I see a lawyer in your future..... they do not make allowances for a handicap person in a state authorized personal vehicle?

Ken

DRW vs SRW debate is the same as who makes the best beer or oil....everyone has a liking and or an opinion...what works for some, won't work for others (be it right or wrong)
Having owned both at one time I'm in total agreement ^^^.
All my bodies have duals and they seam to complain more then I do. And they tow smaller units with tire problems due to limited elation with 3 types of wheels on each trucks.
On F450 owner can't trade his truck due to size and 2wd so he does not drive south anymore. The other finds the drive to hard so bought a unit south and leaves it there. We love the trip south its relaxing to do it with the truck and RV.
I had a blow on on a '81 chevy 3500 DRW truck pulling a GN trailer. The truck went into the ditch. Insurance company totaled the three year old truck. And this wasn't the only DRW that went on a off road trip from a flat tire.

Having driven these size truck on the road for several years making a living I've had many tires suddenly blow out or loose air so quick it was flat before I realized it.

IMO its rather silly pushing the blown rear tire scare tactic when its the front tire that blows out and creates bad smells in the cab of the truck and a possible trip to the ditch. Hell a blown tire on the rear of any truck was never that big of a deal pulling a load or empty.

Use the size truck you feel comfortable with and stop spreading scare theories about blow tires.
With all respect, feelings and emotions don't have any part in this decision. The manufacturers state that the truck should not be operated over ANY of its ratings when towing - this includes GCWR, GVWR and GAWRs. If a SRW truck is within all of these ratings when towing a given 5th wheel, fine. If not, then one is left with the conscious decision of towing in excess of the manufacturer's ratings, moving to a lighter 5th wheel or moving to a DRW truck.

It's a simple question of mathematics and the resulting choices that one makes if the numbers don't work out.


It's a simple question of mathematics and the resulting choices that one makes if the numbers don't work out.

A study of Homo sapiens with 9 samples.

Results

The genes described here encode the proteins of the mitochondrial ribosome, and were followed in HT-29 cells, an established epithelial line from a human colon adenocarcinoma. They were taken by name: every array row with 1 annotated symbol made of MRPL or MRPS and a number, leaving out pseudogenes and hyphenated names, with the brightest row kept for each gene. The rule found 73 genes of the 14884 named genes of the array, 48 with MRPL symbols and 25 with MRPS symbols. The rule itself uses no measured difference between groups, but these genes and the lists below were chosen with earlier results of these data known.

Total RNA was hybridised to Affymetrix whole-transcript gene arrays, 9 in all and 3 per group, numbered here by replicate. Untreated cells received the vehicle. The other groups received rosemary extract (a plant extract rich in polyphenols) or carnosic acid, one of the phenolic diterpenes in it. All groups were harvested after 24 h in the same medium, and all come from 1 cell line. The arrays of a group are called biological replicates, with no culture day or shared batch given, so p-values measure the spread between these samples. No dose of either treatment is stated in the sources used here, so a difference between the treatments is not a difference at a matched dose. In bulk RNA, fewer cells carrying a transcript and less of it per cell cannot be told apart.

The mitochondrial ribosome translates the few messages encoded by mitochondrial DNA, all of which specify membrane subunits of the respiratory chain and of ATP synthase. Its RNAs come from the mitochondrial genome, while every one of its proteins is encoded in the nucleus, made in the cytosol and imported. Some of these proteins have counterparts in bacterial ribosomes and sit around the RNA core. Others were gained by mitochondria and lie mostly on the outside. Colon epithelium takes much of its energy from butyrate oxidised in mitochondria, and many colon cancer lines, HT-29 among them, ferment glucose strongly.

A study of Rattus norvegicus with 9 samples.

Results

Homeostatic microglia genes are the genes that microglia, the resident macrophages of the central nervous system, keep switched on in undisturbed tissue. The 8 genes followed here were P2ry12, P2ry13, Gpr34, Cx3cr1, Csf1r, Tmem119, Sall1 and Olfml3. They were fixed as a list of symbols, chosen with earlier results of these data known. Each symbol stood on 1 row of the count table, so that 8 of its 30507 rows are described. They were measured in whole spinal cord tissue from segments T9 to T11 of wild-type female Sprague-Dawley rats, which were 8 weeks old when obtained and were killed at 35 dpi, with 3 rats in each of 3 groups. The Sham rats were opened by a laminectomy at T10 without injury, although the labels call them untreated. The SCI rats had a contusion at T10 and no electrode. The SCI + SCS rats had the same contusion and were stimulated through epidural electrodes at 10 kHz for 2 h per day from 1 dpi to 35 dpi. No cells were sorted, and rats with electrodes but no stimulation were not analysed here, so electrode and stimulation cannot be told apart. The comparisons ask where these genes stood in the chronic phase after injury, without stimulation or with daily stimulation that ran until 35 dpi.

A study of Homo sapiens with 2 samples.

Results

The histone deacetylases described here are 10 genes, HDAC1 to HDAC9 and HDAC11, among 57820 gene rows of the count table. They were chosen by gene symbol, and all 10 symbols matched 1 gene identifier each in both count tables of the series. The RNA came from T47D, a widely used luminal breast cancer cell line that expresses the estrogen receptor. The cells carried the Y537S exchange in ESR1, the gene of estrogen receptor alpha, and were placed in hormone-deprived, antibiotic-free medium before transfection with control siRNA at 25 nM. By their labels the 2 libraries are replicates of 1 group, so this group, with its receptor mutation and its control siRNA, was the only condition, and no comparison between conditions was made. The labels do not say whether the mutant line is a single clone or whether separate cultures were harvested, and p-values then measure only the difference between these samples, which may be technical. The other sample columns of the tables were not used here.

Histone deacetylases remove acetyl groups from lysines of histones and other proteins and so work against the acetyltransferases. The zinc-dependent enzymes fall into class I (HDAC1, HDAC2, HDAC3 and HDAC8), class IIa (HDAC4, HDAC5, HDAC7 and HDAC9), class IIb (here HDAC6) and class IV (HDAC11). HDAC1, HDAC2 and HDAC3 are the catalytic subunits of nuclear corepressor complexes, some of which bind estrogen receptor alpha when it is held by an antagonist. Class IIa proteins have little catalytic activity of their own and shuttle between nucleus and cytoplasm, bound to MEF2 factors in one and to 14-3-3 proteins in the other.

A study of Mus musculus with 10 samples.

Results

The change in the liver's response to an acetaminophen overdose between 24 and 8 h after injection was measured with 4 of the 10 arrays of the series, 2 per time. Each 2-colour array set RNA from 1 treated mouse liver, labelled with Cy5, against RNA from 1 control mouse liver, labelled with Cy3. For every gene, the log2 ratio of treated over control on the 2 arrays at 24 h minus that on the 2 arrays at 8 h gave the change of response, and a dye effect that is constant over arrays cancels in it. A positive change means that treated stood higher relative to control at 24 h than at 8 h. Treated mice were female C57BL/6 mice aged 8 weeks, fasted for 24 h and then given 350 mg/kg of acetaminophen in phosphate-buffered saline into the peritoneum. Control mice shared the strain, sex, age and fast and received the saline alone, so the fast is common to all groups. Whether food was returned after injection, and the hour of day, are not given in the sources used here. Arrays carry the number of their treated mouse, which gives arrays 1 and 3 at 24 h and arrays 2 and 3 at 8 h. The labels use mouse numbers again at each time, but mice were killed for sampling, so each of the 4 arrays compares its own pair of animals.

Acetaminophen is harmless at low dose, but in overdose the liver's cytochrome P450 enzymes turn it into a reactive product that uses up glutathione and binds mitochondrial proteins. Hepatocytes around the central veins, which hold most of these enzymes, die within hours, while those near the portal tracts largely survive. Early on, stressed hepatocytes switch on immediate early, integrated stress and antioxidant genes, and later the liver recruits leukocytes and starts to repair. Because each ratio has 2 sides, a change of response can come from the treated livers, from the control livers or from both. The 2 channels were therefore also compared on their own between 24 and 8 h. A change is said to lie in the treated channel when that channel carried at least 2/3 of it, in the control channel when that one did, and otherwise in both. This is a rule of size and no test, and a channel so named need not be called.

Rusty

Well stated Rusty. It is easy to do the math and know for sure.


Having driven these size truck on the road for several years making a living I've had many tires suddenly blow out or loose air so quick it was flat before I realized it.

IMO its rather silly pushing the blown rear tire scare tactic when its the front tire that blows out and creates bad smells in the cab of the truck and a possible trip to the ditch. Hell a blown tire on the rear of any truck was never that big of a deal pulling a load or empty.

Use the size truck you feel comfortable with and stop spreading scare theories about blow tires.

Really,,, so you think if a rear tire blows and you have a helper tire left its not better than nothing at all. Plus the added weight on a single puts way more heat into the tire taxing it to its limits. Two tires run cooler spreading out the weight and not taxing the tires to the max.

I really don't feel I want to "scare tactic" anybody into driving and towing with a dually and you have your opinion and I have mine. Tow with what you want but don't call me out on "theories" because I speak in facts,,,

joe


It's a simple question of mathematics and the resulting choices that one makes if the numbers don't work out.

Rusty
Your way off topic on this Rusty. Please stop taking a part of members replies and making it into something else.

My reply has nothing to do with weights but blown tire issues.

I really don't feel I want to "scare tactic" anybody into driving and towing with a dually and you have your opinion and I have mine. Tow with what you want but don't call me out on "theories" because I speak in facts,,,

joe
The DRW has no benefit over a SRW if the blown tire is on the front was my point which the DRW only crowd doesn't want mentioned

I tow with both. I've had blown tires on fronts and rears so I know what the facts are. Your experiences have been different than mine is all.